As a new semester begins, the Texas Tech Enrollment Management Taskforce is looking to see more new faces on campus.
Chancellor Kent Hance, who created the task force, said exact 2007 enrollment numbers have not come in, but he is expecting an overall increase in enrollment of about 400 to 500 students for the fall semester.
The increase in numbers is on track for meeting the 2020 goal of 40,000 students.
"By going to 40,000, essentially what we're asking to do is grow by 2 to 2 ½ percent a year," Hance said. "We don't want a surge of students; we want to keep the academic stature that we have gained over the past years. We're not going to lower academic standards in order to increase enrollment."
Hance said one of his main objectives over the next nine months is to raise scholarship money to help enrollment numbers grow.
He said he is counting on local community support to raise money as well as community support outside the Lubbock area.
Juan Munoz, special assistant to the president for institutional diversity, is the head of the Chancellor's Hispanic and African American Enrollment Taskforce teams. He said raising money for diversity scholarships is the top priority for his teams.
"That includes non-university community organizations also contributing to scholarships so that the responsibility is not just on Texas Tech," he said.
The diversity task force teams have come up with recommendations to increase minority enrollment numbers, which have been presented to the Board of Regents for consideration.
Munoz said the board is in the process of deciding what recommendations to implement and how to do so.
When compared to competing schools such as the University of Texas, Texas A&M and the University of Oklahoma, the percentage of minorities enrolled at Tech is about average.
"We have about a 12 percent Hispanic enrollment, which is above national enrollment," Munoz said, "and we have about 3 percent of African Americans, which is significantly below national averages."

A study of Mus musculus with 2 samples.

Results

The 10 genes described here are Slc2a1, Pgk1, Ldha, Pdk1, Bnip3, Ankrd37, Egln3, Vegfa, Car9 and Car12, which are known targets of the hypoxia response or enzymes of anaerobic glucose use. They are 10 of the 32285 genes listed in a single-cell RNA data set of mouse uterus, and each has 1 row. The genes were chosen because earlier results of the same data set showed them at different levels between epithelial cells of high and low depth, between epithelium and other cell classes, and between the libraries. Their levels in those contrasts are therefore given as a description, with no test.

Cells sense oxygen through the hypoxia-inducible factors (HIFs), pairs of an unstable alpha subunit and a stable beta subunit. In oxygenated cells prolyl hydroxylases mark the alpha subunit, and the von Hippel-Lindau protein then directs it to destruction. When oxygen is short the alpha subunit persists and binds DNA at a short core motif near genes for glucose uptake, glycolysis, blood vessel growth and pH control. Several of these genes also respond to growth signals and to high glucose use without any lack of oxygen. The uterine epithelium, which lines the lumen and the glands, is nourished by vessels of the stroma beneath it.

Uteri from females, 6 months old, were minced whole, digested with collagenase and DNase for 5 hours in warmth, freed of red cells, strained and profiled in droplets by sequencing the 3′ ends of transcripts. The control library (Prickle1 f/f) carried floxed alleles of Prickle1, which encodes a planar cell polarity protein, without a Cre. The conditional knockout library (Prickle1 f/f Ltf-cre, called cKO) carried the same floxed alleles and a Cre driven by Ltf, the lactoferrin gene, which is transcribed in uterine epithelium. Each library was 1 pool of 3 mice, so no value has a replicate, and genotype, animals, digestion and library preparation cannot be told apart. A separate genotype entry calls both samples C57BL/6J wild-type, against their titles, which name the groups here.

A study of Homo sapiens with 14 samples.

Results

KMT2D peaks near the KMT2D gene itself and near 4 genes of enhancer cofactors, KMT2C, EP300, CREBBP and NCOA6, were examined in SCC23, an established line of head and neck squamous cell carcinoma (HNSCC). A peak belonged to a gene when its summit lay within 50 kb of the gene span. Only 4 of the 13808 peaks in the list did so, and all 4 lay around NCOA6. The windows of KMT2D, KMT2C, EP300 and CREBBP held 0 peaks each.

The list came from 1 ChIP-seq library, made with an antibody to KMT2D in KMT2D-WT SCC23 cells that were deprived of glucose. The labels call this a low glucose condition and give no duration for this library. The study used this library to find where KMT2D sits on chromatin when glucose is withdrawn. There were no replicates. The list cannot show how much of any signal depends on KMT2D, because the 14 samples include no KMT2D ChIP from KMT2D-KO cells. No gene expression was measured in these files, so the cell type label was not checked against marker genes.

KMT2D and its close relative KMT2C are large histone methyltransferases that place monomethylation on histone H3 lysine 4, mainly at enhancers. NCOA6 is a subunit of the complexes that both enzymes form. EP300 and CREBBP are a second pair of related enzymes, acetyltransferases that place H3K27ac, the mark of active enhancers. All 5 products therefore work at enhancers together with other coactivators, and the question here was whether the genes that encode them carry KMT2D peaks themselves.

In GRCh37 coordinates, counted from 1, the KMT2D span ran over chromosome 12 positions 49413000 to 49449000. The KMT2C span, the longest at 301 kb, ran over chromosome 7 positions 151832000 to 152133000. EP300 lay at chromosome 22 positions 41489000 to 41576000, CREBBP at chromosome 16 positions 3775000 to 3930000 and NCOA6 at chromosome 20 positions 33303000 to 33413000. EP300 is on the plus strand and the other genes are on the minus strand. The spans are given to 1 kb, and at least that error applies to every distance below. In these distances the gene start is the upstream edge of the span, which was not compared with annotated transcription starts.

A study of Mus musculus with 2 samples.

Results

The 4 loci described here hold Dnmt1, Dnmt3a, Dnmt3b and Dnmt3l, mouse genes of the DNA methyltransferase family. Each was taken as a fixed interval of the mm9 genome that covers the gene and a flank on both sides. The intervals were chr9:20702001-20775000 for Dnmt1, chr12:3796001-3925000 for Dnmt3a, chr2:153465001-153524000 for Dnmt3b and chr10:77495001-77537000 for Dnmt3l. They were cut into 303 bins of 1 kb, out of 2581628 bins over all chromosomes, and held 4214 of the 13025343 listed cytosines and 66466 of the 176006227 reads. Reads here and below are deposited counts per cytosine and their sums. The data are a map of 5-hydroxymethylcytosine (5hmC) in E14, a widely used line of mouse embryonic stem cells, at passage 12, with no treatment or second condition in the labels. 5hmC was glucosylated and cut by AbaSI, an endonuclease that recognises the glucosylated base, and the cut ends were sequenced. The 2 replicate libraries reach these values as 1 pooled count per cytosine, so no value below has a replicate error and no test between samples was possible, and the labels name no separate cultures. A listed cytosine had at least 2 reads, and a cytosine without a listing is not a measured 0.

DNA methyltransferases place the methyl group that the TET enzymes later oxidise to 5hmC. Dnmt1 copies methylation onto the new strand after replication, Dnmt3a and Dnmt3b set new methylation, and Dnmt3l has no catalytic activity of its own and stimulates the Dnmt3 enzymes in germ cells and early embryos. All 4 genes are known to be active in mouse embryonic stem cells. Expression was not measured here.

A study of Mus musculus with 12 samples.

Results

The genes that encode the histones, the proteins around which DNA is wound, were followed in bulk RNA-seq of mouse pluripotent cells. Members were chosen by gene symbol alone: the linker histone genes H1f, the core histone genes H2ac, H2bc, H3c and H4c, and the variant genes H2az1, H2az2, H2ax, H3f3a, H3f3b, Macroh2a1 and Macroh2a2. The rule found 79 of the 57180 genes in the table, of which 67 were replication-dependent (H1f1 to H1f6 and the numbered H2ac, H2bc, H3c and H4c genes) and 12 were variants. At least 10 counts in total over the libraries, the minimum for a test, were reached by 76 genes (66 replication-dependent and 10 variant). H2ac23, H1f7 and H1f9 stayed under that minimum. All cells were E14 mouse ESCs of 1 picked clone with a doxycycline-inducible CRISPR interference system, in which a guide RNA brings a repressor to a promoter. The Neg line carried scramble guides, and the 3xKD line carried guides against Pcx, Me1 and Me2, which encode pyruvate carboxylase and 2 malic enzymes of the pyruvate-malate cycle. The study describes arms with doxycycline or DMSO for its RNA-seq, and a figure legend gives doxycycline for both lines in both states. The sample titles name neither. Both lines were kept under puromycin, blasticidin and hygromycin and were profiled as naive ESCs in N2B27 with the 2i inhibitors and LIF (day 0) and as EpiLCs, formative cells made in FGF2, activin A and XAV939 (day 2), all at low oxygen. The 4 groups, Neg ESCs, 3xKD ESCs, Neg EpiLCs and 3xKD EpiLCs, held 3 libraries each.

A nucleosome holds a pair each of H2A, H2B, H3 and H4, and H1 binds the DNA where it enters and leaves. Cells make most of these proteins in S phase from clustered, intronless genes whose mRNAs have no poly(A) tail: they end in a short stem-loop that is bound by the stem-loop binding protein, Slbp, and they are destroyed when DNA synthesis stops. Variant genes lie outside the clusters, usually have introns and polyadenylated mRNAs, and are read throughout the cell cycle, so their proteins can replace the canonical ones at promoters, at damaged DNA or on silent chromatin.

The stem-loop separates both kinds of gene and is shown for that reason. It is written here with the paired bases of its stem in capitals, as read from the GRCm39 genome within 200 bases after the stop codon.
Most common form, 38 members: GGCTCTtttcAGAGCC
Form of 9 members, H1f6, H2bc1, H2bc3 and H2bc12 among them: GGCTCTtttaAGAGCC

There is not a high demographic of African Americans in West Texas, which is one reason Munoz said he believes African American enrollment numbers are so low.
"We need to do a better job recruiting in the Houston area, the Dallas/Fort Worth and the San Antonio area," he said.
For the last three years, the number of minority students enrolled has increased modestly.
Munoz said he is expecting about a 20 percent increase in the enrollment of Hispanic students and about a 30 percent increase in the number of African Americans enrolling this fall.
Keeping the minority students who will enroll or are enrolled at Tech is a critical focus for reaching the enrollment goal. Munoz said he hopes to keep minority students by getting them involved with the university.
"Students involved have a much higher retention and graduate rate," he said. "We need to do a better job identifying the students who are on the brink of attrition, so that we get the answers for you before you are on the way out."
According to the 2008 budget overview, about $1.5 million will be designated to the Enrollment Management Taskforce.
Hance said much of that money will go toward hiring more recruiters.
"We've been doing our recruitment with about 15 recruiters, while other competing schools have about 40 recruiters," he said.
Robert Shindell, associate vice president of the Office of Admissions, is in charge of recruiting and admissions and also a member of the Enrollment Management Taskforce. He said recruiters are taking an aggressive approach to attract more students.
"Our recruiters go to community colleges, they go to high schools, they talk with community leaders, they go to PTAs, they talk with boy scouts, girl scouts, you name it," he said. "We're going to be more aggressive than our competitors."
Sophomore, junior and senior level high school students are the primary targets for recruiters. Shindell said selling Lubbock as well as Tech is key.
"It's a slam dunk if we get them (to Lubbock)," he said. "Reaching out and saying 'I know that this is what you think this is what Lubbock is, but will you please come out and visit, I guarantee you will have a different opinion when you leave' is important."
The Student Government Association also is involved with the Enrollment Management Taskforce.
SGA President Mason Moses said he agrees making Lubbock attractive to potential students is important.
"We can't separate Tech and Lubbock, so if we could make (potential students) feel not just part of Tech but also part of Lubbock, then we can attract students," he said.
One way Moses said he plans on doing this is by using the Freshman Council and Freshman Advisory Board, which act as conduits to gain incoming student's input.
"I'm going to create kind of my own task force and talk to the students who just went through the process," he said. "They know what brought them here."